Turnaround Investor

Under Jean-Bernard Lafonta, Wendel Investissement has become an important player on the European buyout scene.

If running a private equity house is a daunting prospect, then taking the reins of a firm with more history behind it than many nation states must be terrifying. Yet Jean-Bernard Lafonta, the chief executive of France’s Wendel Investissement, has risen to the challenge since he took the role in 2002.

The organisation wanted to change and create a different perception among investors

Jean-Bernard Lafonta, CEO, Wendel Investissement

Wendel has a claim to be one of the world’s oldest private equity investors, having first entered the game when its founding family invested in an iron works in Lorraine in 1704. However, until the early 21st century it generally acted as a holding company, acquiring minority stakes in publicly listed companies and doing little with them.
But by June 2002, Wendel had decided it was time for a change, and former CEO and executive board chairman Ernest-Antoine Seillière chose Lafonta to lead the charge. “The organisation wanted to change and create a different perception among investors – that was the challenge,” he explained in a recent conversation with our sister publication Private Equity International

Lafonta: transforming Wendel

Lafonta, then aged 39, had not previously worked in private equity, but had overseen retail, strategy and capital markets operations at BNP Paribas, and spent a stint in the M&A department of Lazard. However, he decided that the best way to reposition Wendel was to make it a fully fledged private equity firm, an entity that would make investments of more than €100 million to acquire controlling interests in unquoted companies.
Since Lafonta took charge, Wendel has made a number of major investments, notably September 2002’s €5.1 billion buyout of French electrical equipment maker Legrand alongside Kohlberg Kravis Roberts, the largest European buyout ever made to that time. Around 83 percent of the companies it holds are now unlisted, and its portfolio is now worth a combined €3.72 billion.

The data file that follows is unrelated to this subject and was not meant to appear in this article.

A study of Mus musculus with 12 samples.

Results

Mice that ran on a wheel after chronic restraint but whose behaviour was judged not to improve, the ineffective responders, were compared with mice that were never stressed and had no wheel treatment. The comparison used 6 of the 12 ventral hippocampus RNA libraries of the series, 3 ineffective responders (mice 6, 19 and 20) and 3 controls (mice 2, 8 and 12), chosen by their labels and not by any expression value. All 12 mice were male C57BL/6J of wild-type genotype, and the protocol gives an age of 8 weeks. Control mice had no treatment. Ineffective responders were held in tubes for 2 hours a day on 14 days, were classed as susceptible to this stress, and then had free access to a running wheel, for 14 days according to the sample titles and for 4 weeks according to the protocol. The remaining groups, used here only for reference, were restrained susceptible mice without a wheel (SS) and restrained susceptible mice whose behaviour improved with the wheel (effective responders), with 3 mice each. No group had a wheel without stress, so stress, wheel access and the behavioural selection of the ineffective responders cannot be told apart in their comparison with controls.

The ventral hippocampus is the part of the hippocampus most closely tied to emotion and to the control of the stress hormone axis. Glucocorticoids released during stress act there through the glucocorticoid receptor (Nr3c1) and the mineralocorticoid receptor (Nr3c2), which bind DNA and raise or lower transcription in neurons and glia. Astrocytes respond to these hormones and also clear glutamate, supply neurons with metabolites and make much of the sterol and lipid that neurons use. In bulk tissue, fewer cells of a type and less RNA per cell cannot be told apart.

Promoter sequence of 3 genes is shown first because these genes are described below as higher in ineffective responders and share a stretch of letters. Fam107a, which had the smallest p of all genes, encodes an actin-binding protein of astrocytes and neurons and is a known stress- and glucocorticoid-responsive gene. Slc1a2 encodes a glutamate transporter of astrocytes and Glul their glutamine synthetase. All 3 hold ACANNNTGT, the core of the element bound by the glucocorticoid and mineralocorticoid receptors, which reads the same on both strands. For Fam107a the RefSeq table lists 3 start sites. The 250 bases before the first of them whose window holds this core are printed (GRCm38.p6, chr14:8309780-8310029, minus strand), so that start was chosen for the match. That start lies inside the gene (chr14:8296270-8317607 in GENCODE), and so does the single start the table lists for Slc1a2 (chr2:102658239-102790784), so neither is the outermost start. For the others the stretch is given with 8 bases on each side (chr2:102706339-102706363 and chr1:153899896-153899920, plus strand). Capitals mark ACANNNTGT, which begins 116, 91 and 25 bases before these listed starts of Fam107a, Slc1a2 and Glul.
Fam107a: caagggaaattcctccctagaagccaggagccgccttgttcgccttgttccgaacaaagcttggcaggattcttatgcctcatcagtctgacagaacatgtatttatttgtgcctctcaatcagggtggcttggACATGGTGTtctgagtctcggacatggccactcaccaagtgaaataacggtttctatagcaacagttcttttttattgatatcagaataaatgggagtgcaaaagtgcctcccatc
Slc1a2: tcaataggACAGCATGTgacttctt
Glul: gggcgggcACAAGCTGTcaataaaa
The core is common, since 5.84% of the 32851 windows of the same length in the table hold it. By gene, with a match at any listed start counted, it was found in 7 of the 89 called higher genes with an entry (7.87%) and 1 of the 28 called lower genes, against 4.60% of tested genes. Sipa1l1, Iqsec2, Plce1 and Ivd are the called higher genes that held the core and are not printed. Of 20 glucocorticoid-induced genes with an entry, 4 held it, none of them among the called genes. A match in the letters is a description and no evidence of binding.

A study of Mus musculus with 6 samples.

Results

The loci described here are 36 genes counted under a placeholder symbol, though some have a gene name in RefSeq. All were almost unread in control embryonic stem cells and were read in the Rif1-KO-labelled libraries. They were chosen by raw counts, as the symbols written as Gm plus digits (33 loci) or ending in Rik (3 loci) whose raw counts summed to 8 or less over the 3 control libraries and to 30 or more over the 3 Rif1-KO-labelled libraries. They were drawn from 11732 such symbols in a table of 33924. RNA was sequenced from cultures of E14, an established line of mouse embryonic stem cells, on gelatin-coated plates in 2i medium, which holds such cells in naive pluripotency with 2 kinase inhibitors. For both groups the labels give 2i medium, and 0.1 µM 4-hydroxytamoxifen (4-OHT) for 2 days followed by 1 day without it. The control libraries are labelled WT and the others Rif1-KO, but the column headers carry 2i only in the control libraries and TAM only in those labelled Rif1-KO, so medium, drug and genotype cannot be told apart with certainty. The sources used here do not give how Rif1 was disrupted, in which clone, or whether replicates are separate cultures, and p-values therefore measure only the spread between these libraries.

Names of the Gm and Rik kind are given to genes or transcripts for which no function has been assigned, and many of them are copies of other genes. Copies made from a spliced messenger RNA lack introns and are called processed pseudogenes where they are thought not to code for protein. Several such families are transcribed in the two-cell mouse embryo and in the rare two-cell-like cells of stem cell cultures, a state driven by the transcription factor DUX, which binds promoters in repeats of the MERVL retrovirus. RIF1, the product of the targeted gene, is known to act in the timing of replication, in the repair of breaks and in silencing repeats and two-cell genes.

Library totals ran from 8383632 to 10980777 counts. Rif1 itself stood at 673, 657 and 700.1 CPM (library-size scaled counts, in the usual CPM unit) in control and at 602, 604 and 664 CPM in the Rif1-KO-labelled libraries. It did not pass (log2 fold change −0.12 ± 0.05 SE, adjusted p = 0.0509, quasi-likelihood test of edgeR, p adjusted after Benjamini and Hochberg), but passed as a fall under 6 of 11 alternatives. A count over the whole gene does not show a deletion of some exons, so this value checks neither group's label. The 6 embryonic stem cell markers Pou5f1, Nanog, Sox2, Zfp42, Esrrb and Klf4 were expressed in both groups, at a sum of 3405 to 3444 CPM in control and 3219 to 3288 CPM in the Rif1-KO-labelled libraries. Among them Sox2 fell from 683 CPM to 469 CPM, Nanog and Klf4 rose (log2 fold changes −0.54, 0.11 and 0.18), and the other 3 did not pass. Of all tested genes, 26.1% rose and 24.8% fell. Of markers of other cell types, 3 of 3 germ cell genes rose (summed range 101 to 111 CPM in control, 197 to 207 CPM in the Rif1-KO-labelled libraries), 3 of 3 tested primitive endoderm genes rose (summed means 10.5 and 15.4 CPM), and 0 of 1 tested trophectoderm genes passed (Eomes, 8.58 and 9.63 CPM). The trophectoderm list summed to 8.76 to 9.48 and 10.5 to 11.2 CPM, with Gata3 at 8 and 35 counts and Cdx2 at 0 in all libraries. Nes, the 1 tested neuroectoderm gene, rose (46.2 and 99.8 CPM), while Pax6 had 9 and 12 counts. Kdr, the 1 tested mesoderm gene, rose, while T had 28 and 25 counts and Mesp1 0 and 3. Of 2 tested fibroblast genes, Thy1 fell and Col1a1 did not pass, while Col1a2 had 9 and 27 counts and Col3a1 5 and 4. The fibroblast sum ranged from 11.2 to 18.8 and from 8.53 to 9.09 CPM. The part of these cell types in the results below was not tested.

There are signs that the new strategy is paying off: the firm says it is generating an aggregate IRR of 25 percent, compared to its 15 percent target, and its shares have been outperforming the CAC 40 Index, France’s answer to the FTSE 100, by a factor of 2.5. A vote of confidence in Lafonta’s leadership came when he replaced Seillière as chairman of the board last June. He says that his plans for the future include expanding Wendel’s investment range into larger deals in the €300 million to €1 billion bracket.
Inevitably, though, there is some work left to do. Recent French press reports described Wendel’s half-year report as “disappointing”, and on 22nd September the firm’s share price fell 3.82 percent to €84.45. But Lafonta says that this reflects the level of anticipation that preceded the results, as well as the French market’s relative lack of experience of private equity.
“You have to bear in mind we are in new territory regarding the share price,” he told PEI, “particularly in terms of having a premium over net asset value, which is a first time an investment company has achieved this in France. Some investors step back and ask themselves whether that premium is justified.”
Lafonta must be hoping that, under his leadership, Wendel can continue to show that private equity can create more value than meets the eye.

A feature-length profile of Jean-Bernard Lafonta appeared in the November issue of Private Equity International. For more information, visit www.privateequityinternational.com.